This is Part 2 of the GoldenEar TritonCinema Two 5-Channel Surround System, click here to read Part 1.
Starting with first things first, let me observe that the TritonCinema Two system offers exceptionally smooth and neutrally balanced tonal response, with excellent extension at both frequency extremes. Up high, GoldenEar’s HVFR tweeter provides gorgeous treble detailing, sumptuous high-frequency harmonics, and beautifully conveys the sense of “air” surrounding instruments, yet does so without the slightest hint of edginess, stress, or glare. Honestly, the HVFR tweeter will spoil you rotten, as it tends to make many other high-frequency transducers (even some quite good ones) sound slightly edgy, etched, or just plain “stressed out” by comparison.
Down low, the Triton Two’s powered subwoofer provides real live, no jive, no-excuses full-range bass, yet without sounding thick, bloated, or overbearing. After listening to the TritonCinema Two system for a while you may find, as I did, that the system routinely reaches way down low to reproduce deep bass notes or sound effects that somehow seem to elude many other ostensibly full-range systems. The moral of the story is that it is one thing to say your system offers full-range bass, but another to deliver the goods. Happily, the TritonTwo system is the real deal.
Bass-to-midrange integration in the TritonCinema Two system is very, very good, but not quite up to the lofty standards established by some of today’s very best $5k - $10k/pair stereo speakers. There‘s not much missing, though, apart from subtle touches of heightened mid-bass transient speed, textural finesse, and focus—qualities you might find and enjoy in speakers such as the new Magnepan MG3.7 ($5500/pair). But in fairness, note that a pair of Maggies costs thousands more than the whole 5-channel GoldenEar system does, that the TritonCinema Two system offers significantly deeper bass extension than the Maggies, and then note that the GoldenEar rig is easy to drive, whereas the Maggies are famously power hungry (got watts?). My point is that while the GoldenEar system’s bass performance is not perfect, its all-around combination of low-frequency virtues is well balanced and makes plenty of sense.
One of the nicest aspects of the TritonCinema Two rig involves its unexpected levels of midrange purity and refinement—qualities exhibited not only by the Triton Two main speakers, but also by all the other speakers in the system (which, remember, share the exact same tweeters and similar mid-bass/midrange drivers). GoldenEar’s MVPP midrange driver looks conventional enough, but it produces an authentic and very sophisticated sound, complete with excellent transient speed, textural nuances galore, and wonderful qualities of easygoing openness and transparency. But one of the best and most essential aspects of the midrange driver is that it is fast enough to blend seamlessly with the HVFR Heil-type tweeter—something that’s much easier said than done.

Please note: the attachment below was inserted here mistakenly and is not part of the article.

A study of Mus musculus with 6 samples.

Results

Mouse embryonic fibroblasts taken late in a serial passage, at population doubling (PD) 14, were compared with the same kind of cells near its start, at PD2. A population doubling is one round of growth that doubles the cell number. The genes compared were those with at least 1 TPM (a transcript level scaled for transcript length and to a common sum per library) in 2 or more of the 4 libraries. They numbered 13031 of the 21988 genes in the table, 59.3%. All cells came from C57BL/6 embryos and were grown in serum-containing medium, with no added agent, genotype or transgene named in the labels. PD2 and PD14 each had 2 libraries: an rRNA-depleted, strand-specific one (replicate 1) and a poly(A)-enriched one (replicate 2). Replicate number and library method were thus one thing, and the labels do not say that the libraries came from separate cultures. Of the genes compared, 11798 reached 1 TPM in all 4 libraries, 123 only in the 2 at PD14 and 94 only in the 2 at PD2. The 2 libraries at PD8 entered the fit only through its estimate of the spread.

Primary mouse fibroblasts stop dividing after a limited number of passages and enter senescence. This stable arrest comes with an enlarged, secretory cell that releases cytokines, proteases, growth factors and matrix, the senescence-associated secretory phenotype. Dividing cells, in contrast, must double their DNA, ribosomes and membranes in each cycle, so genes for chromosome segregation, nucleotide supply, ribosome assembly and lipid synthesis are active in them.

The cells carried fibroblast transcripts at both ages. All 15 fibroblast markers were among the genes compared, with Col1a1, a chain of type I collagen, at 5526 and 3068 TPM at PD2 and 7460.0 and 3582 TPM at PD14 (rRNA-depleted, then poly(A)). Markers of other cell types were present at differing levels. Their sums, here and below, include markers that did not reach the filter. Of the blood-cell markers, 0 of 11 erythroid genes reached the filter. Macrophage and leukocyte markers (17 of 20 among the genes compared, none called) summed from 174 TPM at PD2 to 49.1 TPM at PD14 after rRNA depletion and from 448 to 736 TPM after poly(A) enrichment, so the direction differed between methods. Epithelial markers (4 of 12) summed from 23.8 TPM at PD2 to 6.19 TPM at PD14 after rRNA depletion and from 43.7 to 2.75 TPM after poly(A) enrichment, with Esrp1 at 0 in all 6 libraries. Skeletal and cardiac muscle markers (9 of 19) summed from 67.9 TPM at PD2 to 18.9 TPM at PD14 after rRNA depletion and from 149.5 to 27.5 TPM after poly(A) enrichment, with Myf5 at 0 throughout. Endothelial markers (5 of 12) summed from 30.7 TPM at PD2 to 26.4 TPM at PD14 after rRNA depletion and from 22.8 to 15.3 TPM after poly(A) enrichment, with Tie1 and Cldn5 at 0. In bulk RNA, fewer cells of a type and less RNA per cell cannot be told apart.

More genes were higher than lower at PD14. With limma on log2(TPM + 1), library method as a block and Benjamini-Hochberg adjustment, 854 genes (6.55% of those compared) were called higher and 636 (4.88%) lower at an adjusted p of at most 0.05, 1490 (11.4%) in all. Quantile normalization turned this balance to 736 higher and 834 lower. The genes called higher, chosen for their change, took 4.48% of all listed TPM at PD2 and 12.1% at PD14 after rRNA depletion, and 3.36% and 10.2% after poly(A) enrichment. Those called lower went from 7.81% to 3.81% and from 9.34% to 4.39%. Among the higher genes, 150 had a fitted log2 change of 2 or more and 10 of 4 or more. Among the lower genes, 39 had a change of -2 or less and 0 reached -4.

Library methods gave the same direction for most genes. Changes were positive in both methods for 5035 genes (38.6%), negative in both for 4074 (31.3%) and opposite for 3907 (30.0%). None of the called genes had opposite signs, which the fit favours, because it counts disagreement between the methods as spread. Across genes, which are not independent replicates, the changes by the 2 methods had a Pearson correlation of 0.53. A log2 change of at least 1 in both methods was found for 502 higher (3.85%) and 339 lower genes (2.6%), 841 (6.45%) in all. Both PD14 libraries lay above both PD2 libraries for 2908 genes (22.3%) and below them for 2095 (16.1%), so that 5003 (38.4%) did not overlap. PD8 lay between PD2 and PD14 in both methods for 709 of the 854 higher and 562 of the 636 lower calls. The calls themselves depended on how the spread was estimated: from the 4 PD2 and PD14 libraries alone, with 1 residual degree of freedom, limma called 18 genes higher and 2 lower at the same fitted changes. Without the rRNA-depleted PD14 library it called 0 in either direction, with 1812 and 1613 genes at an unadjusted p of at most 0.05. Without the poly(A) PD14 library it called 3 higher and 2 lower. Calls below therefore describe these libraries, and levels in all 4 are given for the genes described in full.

If you have much prior experience in listening to speakers equipped with Heil-type tweeters, then you know without my saying so that it can be very, very difficult to get them to blend properly with other drivers. The problem, as a rule, is that Heil-type tweeters sound great in their own right, but tend to make everything else sound sluggish and slow by comparison. Well aware of this problem, both Sandy Gross and Don Givogue pushed the GoldenEar engineering team hard to create a piston-type midrange driver that would be light enough, fast enough, and subtle enough to keep pace, and their efforts have paid off handsomely. I have never, ever heard a piston-type midrange driver blend more perfectly with a Heil-type tweeter than in the GoldenEar system—not even in über-pricey high-end speakers costing many times the price of the entire TritonCinema Two rig. As far as I’m concerned, it’s the uncannily sweet, smooth marriage of GoldenEar’s MVPP midrange driver and HVFR tweeter that’s responsible for much of the sonic magic of which this system is capable. The bottom line is that you hear two drivers speaking as one, which is as things should be.